Now here is one question I get to answer on a daily basis. ‘Can I take this medicine with alcohol? Often times I tell them it depends on the medication they are taking. However, as a general rule, I advise them to avoid alcohol altogether when on medication. Sounds extreme right? Let me explain.
Many medications do not mix well with alcohol and can lead to harmful effects. This does not apply only to the heavy drinkers some of these effects occur at moderate alcohol levels.
Effects range from causing dizziness, nausea, vomiting, fainting, headaches, loss of consciousness and in some cases, death. How? Alcohol is a depressant (in layman language means to slow down brain functions) and taking other drugs which have that effect (or side effect) can overly cause depression, exposing yourself to the risk of having a complete shut down of brain function.
Why does alcohol people differently?
Women and elderly people are more exposed to the effects of alcohol. Women absorb more alcohol into their bloodstream than men. Elderly people break down alcohol at a slower rate. In both cases, alcohol stays longer in the system.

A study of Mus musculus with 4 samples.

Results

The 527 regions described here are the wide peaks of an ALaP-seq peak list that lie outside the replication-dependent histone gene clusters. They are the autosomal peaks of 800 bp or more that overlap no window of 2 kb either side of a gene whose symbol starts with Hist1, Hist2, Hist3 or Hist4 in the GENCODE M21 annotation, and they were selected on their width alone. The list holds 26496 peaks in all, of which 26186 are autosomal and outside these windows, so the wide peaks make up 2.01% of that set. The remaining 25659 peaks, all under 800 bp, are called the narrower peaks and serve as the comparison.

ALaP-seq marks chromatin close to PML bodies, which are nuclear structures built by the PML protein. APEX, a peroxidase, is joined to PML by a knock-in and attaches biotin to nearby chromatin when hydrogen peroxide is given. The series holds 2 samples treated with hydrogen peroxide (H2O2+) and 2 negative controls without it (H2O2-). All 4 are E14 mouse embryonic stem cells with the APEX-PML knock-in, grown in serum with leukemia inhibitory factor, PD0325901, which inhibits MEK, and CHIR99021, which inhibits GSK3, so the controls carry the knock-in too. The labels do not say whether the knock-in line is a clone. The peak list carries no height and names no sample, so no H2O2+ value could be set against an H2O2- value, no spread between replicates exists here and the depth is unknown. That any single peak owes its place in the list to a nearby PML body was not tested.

Now, what do we mean when we advise alcohol and drugs should not be taken at the same time? What is the time interval? Again as a general rule, given alcohol can affect drugs even when not taken at the same time (it stays for sometime in the body). Try stopping your alcohol intake at least a day before treatment and start back 2 days after treatment
This tip however can vary and be more specific for some medicines.
If you are medications for chronic conditions, you should speak with your doctor or pharmacist for help.
Some medicines contain alcohol already like cough syrups, laxatives etc. This requires more attention.
Dr. Ekwoge Hilda is a trained pharmacist from Cameroon and Co-founder of HILPharma. When she is not busy creating content, she slings pills to pay the bills.